Wallington resident demands action after animal deaths

March 8, 2024 BY

A WALLINGTON resident is campaigning for wildlife warning signs to be installed on her street following a spate of animal deaths.

Clarisse Allwood has lived on Rhinds Road for eight years and said in that time countless animals and birds had been injured or killed after being hit by cars.

She is particularly concerned about the duck population that resides in the area and frequently travels between the dam’s common to the properties along Rhinds Road.

“The ducks come here because there’s nowhere else for them to go because everywhere has been built out,” she said.

“There’s just always something on the road or something getting killed.

“Something needs to be done.”

One of Ms Allwood’s neighbours has resorted to a handwritten sign to warn drivers of crossing ducks. Photo: ELLIE CLARINGBOLD


She said the recent loss of two ducks from a family she had bonded with had left her devastated.

“I went across the road hoping that I would find nothing, but there they were on the side of the road,” Ms Allwood said.

“The mum had the baby underneath her wing like she was huddling over him.

“It broke my heart. I just cried all night.”

She contacted the City of Greater Geelong with a petition, signed by 25 of her neighbours, but her request for wildlife warning signs was rejected.

Ms Allwood said she spoke with a representative from the city’s transport team and was told the signs were against council policy and Australian standards, too costly and ineffectual.

This wildlife road sign, located on Grubb Road, was installed after a two-year campaign by another local resident. This road is overseen by VicRoads, while Rhinds Road is overseen by the city. Photo: ELLIE CLARINGBOLD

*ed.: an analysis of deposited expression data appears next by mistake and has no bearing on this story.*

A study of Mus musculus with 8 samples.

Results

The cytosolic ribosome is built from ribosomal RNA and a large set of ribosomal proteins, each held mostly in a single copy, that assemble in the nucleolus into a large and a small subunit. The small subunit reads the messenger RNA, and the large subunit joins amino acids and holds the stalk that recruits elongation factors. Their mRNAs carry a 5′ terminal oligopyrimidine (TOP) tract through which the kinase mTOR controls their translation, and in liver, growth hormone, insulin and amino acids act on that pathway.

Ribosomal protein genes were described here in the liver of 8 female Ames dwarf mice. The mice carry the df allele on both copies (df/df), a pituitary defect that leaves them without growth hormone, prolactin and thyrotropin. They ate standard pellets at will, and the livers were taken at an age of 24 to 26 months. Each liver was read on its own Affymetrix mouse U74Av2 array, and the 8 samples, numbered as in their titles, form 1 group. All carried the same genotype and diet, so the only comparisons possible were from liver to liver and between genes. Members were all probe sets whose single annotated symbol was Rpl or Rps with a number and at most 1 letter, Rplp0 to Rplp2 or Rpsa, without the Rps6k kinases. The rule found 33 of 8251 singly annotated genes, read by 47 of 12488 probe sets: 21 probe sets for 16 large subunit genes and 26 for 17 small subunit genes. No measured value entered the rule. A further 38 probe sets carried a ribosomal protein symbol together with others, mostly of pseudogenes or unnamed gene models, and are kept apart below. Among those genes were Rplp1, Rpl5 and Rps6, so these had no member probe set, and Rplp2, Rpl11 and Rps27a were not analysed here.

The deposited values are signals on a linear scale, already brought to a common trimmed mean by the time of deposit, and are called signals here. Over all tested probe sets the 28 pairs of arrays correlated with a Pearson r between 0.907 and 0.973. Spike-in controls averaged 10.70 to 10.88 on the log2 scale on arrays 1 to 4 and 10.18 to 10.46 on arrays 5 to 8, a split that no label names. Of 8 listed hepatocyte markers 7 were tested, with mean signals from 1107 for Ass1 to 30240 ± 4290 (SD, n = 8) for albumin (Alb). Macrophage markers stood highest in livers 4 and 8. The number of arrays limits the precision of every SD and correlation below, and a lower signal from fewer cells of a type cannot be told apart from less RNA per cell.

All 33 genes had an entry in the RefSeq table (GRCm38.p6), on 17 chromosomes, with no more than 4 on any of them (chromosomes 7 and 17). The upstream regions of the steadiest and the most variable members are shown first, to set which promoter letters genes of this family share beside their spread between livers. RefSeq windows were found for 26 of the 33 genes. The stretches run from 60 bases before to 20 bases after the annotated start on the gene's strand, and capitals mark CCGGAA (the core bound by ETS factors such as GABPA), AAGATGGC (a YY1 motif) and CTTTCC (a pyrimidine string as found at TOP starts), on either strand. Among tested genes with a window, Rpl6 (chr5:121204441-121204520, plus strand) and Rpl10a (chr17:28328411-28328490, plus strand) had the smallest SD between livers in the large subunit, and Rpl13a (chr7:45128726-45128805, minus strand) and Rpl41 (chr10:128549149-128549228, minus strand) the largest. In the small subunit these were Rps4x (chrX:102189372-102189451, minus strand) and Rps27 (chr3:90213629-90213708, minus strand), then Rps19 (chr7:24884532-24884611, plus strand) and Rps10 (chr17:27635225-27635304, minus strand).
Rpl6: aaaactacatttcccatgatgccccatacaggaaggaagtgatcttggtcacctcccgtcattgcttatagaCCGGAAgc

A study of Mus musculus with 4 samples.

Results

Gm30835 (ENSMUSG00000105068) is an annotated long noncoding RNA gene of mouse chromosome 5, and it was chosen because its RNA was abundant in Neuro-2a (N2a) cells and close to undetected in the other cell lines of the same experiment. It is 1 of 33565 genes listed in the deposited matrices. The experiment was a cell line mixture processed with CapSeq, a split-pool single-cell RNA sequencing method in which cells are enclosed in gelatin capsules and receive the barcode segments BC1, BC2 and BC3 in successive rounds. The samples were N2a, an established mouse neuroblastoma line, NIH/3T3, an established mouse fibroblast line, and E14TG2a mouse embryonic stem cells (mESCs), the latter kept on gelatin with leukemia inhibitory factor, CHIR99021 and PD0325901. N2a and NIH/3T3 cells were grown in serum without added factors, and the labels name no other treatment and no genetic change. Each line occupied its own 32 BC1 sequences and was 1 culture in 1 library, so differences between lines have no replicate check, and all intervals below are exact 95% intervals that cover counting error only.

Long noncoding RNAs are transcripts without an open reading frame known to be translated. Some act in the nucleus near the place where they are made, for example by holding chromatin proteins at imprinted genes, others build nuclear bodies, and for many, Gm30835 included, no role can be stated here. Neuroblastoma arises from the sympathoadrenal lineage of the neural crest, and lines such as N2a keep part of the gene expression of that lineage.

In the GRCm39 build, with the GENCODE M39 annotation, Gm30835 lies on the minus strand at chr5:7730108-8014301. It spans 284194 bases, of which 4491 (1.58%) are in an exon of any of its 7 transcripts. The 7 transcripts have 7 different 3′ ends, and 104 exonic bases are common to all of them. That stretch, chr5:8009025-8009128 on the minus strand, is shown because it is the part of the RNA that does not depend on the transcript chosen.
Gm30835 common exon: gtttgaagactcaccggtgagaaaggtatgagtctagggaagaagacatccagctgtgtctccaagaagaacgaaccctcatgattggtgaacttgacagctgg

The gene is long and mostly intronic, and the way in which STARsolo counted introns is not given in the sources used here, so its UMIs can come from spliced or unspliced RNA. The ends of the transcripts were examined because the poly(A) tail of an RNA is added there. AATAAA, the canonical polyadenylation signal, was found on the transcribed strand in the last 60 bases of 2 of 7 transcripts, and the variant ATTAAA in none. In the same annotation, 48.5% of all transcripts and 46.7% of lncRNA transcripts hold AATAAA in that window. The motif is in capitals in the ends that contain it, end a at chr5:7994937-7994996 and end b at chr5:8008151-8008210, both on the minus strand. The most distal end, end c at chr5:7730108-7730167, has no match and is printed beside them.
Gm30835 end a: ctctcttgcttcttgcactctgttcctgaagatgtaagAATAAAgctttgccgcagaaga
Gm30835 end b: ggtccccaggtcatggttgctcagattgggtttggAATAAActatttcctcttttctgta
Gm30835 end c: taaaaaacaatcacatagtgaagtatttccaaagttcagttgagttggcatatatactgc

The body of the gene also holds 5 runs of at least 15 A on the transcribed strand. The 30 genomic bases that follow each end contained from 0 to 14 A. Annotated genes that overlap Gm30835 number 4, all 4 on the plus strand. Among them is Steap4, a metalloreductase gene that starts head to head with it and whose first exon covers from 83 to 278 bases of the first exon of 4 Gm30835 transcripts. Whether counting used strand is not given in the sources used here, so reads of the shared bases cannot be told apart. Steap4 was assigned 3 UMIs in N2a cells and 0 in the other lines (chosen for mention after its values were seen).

City of Greater Geelong executive director of city infrastructure James Stirton said the city understood the concerns of the residents on Rhinds Road.

“Australian Standards and VicRoads guidelines permit warning signs to be installed for any road hazards that may cause serious injury or death to a road user.

“Large, solid animals such as horses, kangaroos, emus, wombats and koalas are considered to present the most serious risk to road users in a collision, whereas smaller forms of wildlife such as ducks do not meet the criteria for such signage.”

“There are no standard traffic warning signs for other types of smaller domestic or wild animals. Changing water levels, migration patterns and habitation/nesting locations from season to season prohibit permanent signage.

“Our transport team in consultation with our environment team are investigating the possibility of implementing mobile VMS boards to support such instances moving forward.”

The city has instead created a ‘Watch out for wildlife when driving’ postcard it plans to distribute along Rhinds Road in the coming weeks, an option initially offered to Ms Allwood to coincide with breeding season in the spring.